Another obesity diabetes study missing the point about low carb



Another report on diabetes and obesity hit the press. You can read the article in The Sydney Morning Herald. The study was completed by the George Institute for International Health based in Australia. It looked at over 11,000 people in multiple countries over five years. The breadth of the study was fantastic, and it focused on reducing the A1C results for diabetics.

A1C is a blood test that shows the average glucose reading over a period of time. It’s a better baramoter of glucose readings that daily home tests since it relies on old blood cells. The study, called ADVANCE, was designed to get the tarrget A1Cs to 6.5. You are diabetic if your A1C is higher than 6. Diabetics with A1Cs above 6 can suffer long term kidney damage due to the high glucose.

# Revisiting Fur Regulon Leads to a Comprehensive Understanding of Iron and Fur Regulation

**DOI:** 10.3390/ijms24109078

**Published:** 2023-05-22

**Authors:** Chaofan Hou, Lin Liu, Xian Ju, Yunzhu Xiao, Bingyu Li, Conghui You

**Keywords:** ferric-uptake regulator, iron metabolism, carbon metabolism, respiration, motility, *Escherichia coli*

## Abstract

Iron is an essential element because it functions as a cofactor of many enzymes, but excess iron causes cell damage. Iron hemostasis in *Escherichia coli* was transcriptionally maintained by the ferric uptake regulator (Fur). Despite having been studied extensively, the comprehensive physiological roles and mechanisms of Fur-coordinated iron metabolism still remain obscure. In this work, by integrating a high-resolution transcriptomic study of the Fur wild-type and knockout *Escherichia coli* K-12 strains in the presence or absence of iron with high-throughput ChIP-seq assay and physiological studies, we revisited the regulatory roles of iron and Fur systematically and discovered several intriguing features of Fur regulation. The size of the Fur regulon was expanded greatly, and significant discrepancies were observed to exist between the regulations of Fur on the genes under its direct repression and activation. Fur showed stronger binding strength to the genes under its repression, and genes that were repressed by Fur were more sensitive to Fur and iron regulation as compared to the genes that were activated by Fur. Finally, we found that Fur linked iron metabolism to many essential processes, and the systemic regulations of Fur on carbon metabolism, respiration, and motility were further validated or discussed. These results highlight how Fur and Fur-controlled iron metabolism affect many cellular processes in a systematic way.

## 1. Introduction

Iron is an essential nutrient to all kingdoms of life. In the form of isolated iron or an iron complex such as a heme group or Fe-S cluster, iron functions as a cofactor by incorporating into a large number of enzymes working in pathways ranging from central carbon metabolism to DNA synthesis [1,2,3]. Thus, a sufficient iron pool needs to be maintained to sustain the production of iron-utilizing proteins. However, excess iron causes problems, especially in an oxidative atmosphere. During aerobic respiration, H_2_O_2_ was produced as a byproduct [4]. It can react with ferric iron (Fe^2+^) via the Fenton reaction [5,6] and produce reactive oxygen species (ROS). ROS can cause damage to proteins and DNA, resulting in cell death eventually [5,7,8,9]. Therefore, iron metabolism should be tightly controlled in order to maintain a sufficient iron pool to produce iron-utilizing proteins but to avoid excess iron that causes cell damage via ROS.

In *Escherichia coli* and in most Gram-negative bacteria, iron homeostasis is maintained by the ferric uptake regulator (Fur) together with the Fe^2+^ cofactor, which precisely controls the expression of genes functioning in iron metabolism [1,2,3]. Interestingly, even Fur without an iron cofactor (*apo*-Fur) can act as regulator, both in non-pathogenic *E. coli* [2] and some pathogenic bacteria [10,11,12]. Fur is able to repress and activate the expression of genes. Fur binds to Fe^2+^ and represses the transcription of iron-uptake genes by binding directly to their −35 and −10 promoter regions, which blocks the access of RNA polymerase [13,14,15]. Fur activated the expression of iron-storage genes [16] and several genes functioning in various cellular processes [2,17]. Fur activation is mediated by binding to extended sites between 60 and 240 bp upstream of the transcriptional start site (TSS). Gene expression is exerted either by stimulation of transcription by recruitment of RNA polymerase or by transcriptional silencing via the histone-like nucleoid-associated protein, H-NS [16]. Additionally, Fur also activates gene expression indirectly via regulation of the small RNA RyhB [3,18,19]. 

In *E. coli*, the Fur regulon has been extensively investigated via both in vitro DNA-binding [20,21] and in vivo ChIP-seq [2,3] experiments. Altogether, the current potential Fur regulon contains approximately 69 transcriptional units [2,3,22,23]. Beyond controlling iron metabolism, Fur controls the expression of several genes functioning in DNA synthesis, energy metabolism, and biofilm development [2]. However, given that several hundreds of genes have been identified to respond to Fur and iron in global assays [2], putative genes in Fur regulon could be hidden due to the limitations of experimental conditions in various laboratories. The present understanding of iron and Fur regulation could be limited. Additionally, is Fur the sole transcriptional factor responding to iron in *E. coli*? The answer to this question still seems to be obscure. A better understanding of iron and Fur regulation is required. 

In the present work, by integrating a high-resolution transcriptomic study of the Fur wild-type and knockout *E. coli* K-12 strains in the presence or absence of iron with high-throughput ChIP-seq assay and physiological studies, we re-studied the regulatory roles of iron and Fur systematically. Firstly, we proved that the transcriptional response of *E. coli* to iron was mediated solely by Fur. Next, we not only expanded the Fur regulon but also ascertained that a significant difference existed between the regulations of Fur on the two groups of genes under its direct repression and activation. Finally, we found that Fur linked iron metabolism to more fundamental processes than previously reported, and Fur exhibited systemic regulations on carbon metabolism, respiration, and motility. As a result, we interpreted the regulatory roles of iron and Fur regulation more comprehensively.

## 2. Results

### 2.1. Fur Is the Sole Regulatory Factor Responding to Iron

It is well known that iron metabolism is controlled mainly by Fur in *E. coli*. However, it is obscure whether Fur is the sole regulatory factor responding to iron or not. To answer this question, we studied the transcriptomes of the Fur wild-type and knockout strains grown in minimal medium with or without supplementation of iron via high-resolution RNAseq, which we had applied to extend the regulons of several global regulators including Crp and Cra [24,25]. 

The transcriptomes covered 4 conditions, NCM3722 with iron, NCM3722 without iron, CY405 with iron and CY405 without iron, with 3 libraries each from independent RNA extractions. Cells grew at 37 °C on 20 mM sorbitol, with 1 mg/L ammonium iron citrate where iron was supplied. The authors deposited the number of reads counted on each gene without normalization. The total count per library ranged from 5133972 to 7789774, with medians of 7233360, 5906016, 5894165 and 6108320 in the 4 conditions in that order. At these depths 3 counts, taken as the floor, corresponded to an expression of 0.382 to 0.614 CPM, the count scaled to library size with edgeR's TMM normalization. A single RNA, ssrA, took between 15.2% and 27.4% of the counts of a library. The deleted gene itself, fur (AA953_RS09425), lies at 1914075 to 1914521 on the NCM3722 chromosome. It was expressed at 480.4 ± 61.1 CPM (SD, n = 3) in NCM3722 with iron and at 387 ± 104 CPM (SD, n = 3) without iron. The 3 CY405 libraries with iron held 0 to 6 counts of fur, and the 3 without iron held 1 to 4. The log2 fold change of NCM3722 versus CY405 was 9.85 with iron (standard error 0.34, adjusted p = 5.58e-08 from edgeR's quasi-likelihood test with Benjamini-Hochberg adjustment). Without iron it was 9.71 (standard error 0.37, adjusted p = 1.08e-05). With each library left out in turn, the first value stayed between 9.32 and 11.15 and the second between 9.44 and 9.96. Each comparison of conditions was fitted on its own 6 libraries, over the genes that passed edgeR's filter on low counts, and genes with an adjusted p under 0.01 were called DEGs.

1. Diabetes complications reduced by 10%
  2. Kidney disease reduced 21%
  3. Protein in the urine decreased 30%

Amazing results and I was very happy to see them refer to weight loss as a major contibuting factor to this. My happiness was dashed when I read this from Dr. Vlado Perkovic :

He said lifestyle factors such as diet and exercise, as well as drugs and injections, could be used to aggressively lower levels.

 

The very simple way to reduce glucose levels and ensure an A1C under 6 for most type 2 diabetics is to eat a low carb diet. The primary source your body uses for glucose is carbohydrates in food. Your body can make glucose from fat, but it normally looks for carbs in your diet. Remove the carbs and you remove the chief source of glucose in your diet. Humans absolutely do not need carbohydrates in the diet.

It’s amazing that in this day and age the medical establishment doesn’t use a low carb diet instead of drugs as the first step in type 2 diabetes treatment. Then again, maybe it’s not.